Genre: Punk, pop
Release date: February 19th 2016
Label: Burger Records
Seth Bogart is the musical equivalent of legendary camp-cinema auteur John Waters, but this is undoubtedly a comparison he would welcome with open arms.
John Waters did for the traditional gee-whiz values of the 1950s what Seth Bogart is doing for the rock n’ roll songs of the same era: slathering them in sleaze, transgression and sniggering sexual innuendo – whilst clearly sharing a genuine affection for both sides of the coin. They even sport the same pencil-thin mustache. And much like Waters, Bogart has operated within a plethora of genres while staying true to his core self.
Up until now, Bogart has been releasing music under his nom de plume Hunx — initially as part of Oakland foursome Gravy Train!!!!, who surfed the “electro-rock with filthy lyrics”-wave of the early 2000s together with Chicks on Speed and Peaches. He subsequently fully embraced the 1950s-sound with the garage rock outfit Hunx & His Punx, releasing a series of Phil Spector-esque tunes about the pains of being young and in love with bad boy greasers named 'Jonny'. It was also under the Hunx moniker that he released his first solo LP, 2012’s Hairdresser Blues.
His new record, however, is something else. Performing under his own name for the first time, Seth Bogart has almost completely abandoned the punk rock sound in favor for something that is closer to his Gravy Train!!!! electroclash-roots — yet also something new altogether.
While Bogart has always been poppy, this is a pop record with a capital O — almost all of his vocals are autotuned. The lyrics are about supermarkets, makeup and TV. Half the songs feature young female guest vocalists who pretty much take the reins completely from Bogart and relegate him to background duty. If there is a comparison point to be made in John Waters’ filmography, it‘s A Dirty Shame – a glossy, scatological American Pie-style comedy.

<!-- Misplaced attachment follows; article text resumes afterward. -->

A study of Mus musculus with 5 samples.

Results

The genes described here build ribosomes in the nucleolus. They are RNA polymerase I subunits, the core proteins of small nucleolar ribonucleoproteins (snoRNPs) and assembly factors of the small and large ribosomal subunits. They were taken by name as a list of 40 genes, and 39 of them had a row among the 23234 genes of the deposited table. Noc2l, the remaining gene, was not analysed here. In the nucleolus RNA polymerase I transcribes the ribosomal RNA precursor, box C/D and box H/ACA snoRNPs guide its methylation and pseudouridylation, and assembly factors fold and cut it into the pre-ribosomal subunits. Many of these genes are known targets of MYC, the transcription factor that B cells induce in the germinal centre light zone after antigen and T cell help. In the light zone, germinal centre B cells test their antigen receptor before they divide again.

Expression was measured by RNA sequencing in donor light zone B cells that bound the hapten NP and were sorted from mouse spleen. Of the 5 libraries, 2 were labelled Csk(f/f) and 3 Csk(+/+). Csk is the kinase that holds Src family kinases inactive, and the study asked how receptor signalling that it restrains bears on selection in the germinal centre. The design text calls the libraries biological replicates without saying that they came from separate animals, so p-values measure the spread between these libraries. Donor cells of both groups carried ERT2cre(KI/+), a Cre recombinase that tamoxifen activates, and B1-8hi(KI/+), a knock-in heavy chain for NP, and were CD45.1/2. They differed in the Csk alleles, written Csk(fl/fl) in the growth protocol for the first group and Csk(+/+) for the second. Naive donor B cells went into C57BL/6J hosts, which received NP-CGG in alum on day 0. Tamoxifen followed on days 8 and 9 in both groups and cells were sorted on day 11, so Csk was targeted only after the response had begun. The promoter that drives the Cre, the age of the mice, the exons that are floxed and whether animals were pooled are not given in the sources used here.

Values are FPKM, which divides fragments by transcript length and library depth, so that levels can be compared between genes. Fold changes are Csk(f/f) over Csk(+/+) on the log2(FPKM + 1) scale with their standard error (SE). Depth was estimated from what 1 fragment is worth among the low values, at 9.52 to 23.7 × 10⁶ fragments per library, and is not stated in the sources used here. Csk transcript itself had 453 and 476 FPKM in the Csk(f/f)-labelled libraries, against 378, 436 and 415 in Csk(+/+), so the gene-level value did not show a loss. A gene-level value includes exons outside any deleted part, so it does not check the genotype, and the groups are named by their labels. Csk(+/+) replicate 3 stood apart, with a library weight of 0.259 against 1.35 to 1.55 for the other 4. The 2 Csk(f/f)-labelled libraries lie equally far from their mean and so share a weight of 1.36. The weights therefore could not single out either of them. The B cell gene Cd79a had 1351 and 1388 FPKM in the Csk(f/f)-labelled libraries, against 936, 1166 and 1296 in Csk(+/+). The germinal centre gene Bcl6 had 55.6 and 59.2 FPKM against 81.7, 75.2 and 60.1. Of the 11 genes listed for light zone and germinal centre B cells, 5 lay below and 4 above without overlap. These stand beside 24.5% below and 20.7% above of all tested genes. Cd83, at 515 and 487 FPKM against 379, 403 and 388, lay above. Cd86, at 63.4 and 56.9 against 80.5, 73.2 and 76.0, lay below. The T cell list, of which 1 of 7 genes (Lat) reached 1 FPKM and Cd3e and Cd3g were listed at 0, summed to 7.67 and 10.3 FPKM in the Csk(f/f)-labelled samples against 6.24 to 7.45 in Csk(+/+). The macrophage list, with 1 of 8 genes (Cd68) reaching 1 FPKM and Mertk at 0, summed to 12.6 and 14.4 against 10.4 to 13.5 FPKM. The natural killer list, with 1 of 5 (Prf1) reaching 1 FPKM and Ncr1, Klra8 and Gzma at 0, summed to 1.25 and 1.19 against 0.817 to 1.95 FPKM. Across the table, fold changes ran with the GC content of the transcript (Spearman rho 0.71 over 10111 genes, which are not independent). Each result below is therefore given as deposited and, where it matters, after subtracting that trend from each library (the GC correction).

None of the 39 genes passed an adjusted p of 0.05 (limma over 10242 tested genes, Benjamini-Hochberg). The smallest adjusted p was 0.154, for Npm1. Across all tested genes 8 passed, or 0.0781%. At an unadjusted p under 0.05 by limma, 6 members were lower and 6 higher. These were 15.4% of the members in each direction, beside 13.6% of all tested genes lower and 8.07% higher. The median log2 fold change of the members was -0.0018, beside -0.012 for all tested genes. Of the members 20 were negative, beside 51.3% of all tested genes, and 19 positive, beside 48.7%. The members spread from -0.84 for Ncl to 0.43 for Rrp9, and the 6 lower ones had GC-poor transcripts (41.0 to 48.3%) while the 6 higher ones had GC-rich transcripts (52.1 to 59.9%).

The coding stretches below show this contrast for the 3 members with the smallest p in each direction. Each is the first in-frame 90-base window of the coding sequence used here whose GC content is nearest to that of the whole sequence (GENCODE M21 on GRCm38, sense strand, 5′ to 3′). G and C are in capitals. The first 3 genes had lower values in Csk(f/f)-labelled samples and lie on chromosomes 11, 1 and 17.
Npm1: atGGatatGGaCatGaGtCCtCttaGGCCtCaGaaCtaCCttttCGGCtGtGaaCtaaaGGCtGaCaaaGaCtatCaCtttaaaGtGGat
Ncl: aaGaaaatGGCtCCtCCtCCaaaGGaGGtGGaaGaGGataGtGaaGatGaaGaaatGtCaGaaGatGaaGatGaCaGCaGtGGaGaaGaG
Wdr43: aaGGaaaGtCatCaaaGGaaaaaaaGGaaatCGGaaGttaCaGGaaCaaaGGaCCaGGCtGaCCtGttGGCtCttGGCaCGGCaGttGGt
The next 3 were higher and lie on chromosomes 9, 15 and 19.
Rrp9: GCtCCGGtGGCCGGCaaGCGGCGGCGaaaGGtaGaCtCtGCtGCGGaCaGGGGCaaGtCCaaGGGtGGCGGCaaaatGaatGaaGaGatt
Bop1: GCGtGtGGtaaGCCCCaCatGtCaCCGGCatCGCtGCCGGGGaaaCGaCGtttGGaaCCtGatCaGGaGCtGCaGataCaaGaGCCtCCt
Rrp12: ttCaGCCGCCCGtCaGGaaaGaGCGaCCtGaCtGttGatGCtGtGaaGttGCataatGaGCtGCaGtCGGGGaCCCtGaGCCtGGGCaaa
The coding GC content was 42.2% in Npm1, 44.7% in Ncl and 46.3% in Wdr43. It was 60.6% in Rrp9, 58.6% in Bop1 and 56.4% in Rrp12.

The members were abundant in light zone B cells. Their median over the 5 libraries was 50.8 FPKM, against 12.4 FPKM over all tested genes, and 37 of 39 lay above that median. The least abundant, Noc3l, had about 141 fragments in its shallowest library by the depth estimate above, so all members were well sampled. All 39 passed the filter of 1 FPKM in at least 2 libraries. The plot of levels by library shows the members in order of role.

And much like that uneven, messy film, the self-titled Seth Bogart LP is something of a mixed bag.
It feels decidedly retro, but perhaps not in the way Bogart intended. While he’s clearly going for a 1980s vibe, the era it evokes is more late 2000s – when every single jangly indie rock band decided to make a kitschy pop record, resulting in spotty efforts like Yeah Yeah Yeahs’ It’s Blitz!.
Tracks like 'Lubed' and 'Smash the TV' gurgle past on a wave of autotune, failing to make any sort of substantial impression whatsoever. Some of the subject matter of these weaker tracks seems all too obvious, as if checking off a mental list of what to reference in an ironic 80s homage.
However, the guest stars seem to bring out the best in the songwriting. Punk legend Kathleen Hanna guests on lead single 'Eating Makeup', a supremely catchy song about a shameful addiction. Up-and-coming Australian singer Chela appears on two tracks, managing to save 'Supermarket Supermodel' from the horrific Alvin & The Chipmunks-vocals that open the song. 19-year old feminist icon Tavi Gevinson sings on the best track of the album, 'Barely 21', which takes the highlights of Bogart’s old Shirelles-esque doo wop-pop and marries it perfectly to his new synth-dominated sound.
When Bogart gets more wistful – like on 'Forgotten Fantazy' and 'Sunday Boy' – the 80s sound works to his advantage, contrasting beautifully with the grim, introspective lyrics.
Ultimately, the true appeal of a Seth Bogart record – much like a John Waters movie – is just spending some time in his exquisitely well-crafted universe. Even with a weaker Waters effort like A Dirty Shame, you can turn on the director’s commentary and mainline some high-grade cramp. And even with a weaker Seth Bogart song, well, you can enjoy the fact that the goddamn name of it is “Nina Hagen-Daaz”.
If Bogart sheds some of the more obvious 80s cliches, dials back the autotune a notch or two, and fully embraces his Hunx rock n’ roll past, the next record could be his Hairspray.
Seth Bogart's self-titled album is now available through Burger Records.